This is the largest data breach that has occurred since the Personal Data Protection Act came into effect
In what the Government has called Singapore’s largest data breach, the personal data of nearly 5.9 million Singaporean and South-east Asian customers of hotel booking site RedDoorz was found to have been leaked.
Local firm Commeasure, which operates the website, has been fined by the Personal Data Protection Commission (PDPC) for $74,000.
For the 2018 data breach which affected 1.5 million people, this is much lower than the combined $1 million fine imposed on SingHealth and Integrated Health Information Systems.
The commission said it had considered hardship on the hospitality sector caused by the Covid-19 pandemic.
“In deciding the amount of financial penalty to be imposed, we also considered that the organisation, which operates in the hospitality industry, had been severely impacted by the Covid-19 pandemic”, said the PDPC in a judgment issued last Thursday on 11 November.
“This is the largest data breach that has occurred since the Personal Data Protection Act came into effect”.
RedDoorz said last year that most of the compromised data came from the booking platform’s largest market, Indonesia. The company’s customers are all from South-east Asia.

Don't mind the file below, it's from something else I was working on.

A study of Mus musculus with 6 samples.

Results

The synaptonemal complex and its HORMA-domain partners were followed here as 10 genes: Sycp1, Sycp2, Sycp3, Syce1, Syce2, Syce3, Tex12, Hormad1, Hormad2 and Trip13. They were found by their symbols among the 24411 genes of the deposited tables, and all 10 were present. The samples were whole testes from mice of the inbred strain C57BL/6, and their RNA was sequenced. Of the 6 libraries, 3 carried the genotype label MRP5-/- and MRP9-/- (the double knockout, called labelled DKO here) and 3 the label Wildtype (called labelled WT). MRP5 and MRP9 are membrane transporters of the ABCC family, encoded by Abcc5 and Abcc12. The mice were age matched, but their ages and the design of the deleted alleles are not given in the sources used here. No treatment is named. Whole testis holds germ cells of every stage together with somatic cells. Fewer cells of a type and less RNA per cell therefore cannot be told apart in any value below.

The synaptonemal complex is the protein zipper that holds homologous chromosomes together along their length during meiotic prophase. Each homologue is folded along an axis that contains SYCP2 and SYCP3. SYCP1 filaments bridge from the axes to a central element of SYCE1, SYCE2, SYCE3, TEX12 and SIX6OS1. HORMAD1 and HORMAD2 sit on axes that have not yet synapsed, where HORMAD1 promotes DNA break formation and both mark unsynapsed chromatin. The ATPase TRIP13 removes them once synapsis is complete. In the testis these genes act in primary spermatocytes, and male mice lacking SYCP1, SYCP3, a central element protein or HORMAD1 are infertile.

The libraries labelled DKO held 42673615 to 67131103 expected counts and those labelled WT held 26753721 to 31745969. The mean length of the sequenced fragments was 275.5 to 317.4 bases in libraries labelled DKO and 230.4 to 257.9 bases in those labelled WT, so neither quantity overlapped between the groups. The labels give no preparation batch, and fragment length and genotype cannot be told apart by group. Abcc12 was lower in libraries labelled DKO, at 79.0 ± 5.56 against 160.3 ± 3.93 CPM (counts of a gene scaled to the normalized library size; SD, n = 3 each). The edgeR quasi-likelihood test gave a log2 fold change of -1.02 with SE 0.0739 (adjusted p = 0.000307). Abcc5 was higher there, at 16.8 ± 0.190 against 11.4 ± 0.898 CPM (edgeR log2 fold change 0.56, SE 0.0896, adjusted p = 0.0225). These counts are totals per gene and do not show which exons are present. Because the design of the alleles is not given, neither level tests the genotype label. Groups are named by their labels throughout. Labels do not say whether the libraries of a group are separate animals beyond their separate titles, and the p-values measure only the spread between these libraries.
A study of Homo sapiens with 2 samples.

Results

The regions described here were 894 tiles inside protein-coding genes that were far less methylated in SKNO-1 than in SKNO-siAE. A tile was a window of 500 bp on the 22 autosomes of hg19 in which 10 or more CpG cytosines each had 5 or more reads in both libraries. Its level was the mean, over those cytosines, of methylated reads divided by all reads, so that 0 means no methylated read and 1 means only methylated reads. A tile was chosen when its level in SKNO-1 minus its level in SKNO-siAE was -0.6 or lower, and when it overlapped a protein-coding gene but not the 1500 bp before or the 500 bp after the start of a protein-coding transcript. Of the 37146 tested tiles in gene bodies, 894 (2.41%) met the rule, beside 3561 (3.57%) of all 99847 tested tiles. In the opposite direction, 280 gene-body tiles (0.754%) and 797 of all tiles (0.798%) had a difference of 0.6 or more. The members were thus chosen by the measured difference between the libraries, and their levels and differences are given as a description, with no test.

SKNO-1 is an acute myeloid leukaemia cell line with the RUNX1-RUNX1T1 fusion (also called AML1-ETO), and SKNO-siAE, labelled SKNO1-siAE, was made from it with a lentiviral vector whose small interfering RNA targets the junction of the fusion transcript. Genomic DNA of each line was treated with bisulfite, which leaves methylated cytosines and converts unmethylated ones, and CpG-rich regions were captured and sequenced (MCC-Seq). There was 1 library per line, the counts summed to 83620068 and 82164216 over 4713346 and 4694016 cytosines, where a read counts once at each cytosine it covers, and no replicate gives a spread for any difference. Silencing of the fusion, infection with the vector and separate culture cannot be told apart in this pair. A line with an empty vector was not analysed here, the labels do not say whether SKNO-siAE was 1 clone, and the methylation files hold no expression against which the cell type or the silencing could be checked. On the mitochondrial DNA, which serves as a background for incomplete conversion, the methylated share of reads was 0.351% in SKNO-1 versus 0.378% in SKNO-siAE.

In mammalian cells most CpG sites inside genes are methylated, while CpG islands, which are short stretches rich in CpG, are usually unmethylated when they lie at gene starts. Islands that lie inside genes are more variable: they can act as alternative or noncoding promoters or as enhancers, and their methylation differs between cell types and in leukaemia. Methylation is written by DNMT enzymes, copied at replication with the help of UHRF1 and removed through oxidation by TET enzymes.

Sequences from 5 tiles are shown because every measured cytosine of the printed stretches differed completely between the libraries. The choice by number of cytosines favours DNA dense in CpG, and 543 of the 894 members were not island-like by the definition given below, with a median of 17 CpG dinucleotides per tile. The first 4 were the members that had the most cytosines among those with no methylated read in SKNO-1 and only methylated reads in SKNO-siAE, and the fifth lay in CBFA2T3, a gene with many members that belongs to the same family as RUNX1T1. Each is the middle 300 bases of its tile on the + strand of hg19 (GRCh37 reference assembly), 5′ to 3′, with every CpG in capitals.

It is understood that about 9,000 of the affected people are from Singapore.
Under the Act, which came into force in 2013, the maximum fine for a data breach is $1 million now.
But firms can soon be fined up to 10 per cent of their annual turnover in Singapore or $1 million, whichever is higher. The higher fine is slated to take effect at least 12 months from 01 Feb this year.
The affected data in the Commeasure incident included the customer’s name, contact number, e-mail address, date of birth, encrypted password to his RedDoorz account and booking information.
The hackers will not be able to use customer passwords as were encrypted, unless they find a way to decode the passwords. To hack into victims’ RedDoorz accounts, this reduces the likelihood of the crooks being able to use the passwords.
The hackers did not access or download customers’ masked credit card numbers.
However, with the other personal details leaked in the data breach, cyber criminals might be able to pose as the victims and try to take over other online accounts that use similar details, going by what cyber-security experts have said in other incidents.
It also means that the victims could be targeted by more spam messages and phishing attempts.
On a hacker forum, the stolen data was put up for sale before it was taken down, reported The Business Times last year.
After an American cyber-security firm alerted the company, commeasure found out about the data breach on 19 September last year. PDPC was notified on 25 September.